The Abe administration is ready to mobilize the Maritime Self-Defense Force for “a maritime policing operation” if a foreign warship enters Japanese territorial waters and its navigation does not constitute “innocent passage” under international law, Chief Cabinet Secretary Yoshihide Suga said Tuesday.

“This (policy) has already been adopted (in line with) a Cabinet decision made in May last year,” Suga told a regular news briefing at the prime minister’s office.

He was responding to a question about a report Tuesday by the Yomiuri Shimbun that the administration has decided to apply this policy if a Chinese warship enters territorial waters around the Senkaku Islands in the East China Sea.

Under the Self-Defense Law, the defense minister can mobilize MSDF units for maritime policing whenever the Japan Coast Guard appears unable to cope with the situation. This includes scenarios when the Japan Coast Guard is outgunned by the foreign ship.

Such a policing operation is based on domestic laws, and would not immediately mean Japan would be engaging in a war against a foreign country.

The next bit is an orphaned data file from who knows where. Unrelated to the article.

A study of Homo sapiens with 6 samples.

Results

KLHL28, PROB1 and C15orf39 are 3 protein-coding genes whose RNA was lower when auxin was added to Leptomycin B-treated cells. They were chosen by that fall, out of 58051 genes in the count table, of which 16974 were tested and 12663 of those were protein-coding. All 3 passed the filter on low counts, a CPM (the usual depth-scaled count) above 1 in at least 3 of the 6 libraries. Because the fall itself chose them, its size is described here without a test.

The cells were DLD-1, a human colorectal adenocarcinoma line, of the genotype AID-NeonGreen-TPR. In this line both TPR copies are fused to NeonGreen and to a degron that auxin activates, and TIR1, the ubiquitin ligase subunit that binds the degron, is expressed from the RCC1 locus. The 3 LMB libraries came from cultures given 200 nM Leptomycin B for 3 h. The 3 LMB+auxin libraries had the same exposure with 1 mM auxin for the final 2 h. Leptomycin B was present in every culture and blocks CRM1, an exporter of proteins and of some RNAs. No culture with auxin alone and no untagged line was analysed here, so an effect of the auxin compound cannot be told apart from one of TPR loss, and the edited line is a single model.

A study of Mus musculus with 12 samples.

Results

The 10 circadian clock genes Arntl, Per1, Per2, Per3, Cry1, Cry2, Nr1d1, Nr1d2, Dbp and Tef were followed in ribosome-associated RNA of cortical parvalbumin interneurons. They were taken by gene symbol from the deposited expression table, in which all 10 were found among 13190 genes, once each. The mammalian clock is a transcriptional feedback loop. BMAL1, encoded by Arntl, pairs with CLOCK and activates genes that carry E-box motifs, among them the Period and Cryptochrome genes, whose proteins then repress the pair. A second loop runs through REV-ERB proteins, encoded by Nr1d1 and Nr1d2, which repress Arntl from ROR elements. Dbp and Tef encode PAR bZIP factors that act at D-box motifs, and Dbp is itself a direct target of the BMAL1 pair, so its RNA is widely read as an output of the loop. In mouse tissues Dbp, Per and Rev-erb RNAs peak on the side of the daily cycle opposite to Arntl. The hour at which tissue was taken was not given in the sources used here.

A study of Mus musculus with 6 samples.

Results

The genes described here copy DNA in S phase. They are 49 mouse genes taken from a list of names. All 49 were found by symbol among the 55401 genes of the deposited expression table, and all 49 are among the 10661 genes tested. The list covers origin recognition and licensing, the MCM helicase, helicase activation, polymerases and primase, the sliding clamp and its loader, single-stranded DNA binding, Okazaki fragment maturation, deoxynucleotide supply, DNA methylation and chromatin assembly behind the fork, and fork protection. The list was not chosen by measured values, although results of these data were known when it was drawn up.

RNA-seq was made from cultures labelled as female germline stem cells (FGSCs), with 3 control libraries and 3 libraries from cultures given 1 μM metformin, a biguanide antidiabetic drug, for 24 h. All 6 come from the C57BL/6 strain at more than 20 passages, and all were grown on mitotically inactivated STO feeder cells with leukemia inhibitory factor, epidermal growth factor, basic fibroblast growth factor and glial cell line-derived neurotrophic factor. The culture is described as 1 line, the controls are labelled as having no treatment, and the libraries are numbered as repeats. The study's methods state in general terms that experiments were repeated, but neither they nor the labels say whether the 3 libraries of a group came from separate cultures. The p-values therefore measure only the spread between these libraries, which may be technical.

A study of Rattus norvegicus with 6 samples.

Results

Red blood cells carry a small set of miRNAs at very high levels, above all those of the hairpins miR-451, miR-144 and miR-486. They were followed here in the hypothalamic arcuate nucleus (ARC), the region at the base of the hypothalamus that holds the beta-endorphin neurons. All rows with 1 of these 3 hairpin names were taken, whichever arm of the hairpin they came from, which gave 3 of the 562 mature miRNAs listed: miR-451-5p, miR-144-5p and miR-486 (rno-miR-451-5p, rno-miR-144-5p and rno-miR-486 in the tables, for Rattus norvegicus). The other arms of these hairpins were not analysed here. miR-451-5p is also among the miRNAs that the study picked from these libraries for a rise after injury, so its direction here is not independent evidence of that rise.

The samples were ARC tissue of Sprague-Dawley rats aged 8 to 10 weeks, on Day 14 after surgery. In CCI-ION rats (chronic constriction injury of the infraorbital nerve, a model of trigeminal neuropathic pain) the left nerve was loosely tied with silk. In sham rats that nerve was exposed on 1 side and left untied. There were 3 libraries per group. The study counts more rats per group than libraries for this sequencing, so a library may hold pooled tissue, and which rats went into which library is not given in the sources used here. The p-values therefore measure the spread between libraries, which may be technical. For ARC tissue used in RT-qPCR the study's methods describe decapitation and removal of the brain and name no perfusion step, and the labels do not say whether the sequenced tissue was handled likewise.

Still, mobilization of the MSDF, rather than the Coast Guard, would greatly increase the risk of war.

The United Nations Convention on the Law of the Sea allows ships to pass through another country’s territorial waters so long as it is not prejudicial to the peace, good order or security of the other state. This transit is known as innocent passage.

It does not permit navigation involving the use of force, information-gathering or propaganda activities.

The Yomiuri also reported that Tokyo informed Beijing of the policy in November, days after a Chinese military reconnaissance ship approached territorial waters around the Senkaku islets. The ship did not enter Japanese waters.

Beijing has often sent government ships into Japanese territorial waters around the Senkakus, but not warships.

China claims sovereignty over the islands, which it refers to as Diaoyu.

In a time of both misinformation and too much information, quality journalism is more crucial than ever.
By subscribing, you can help us get the story right.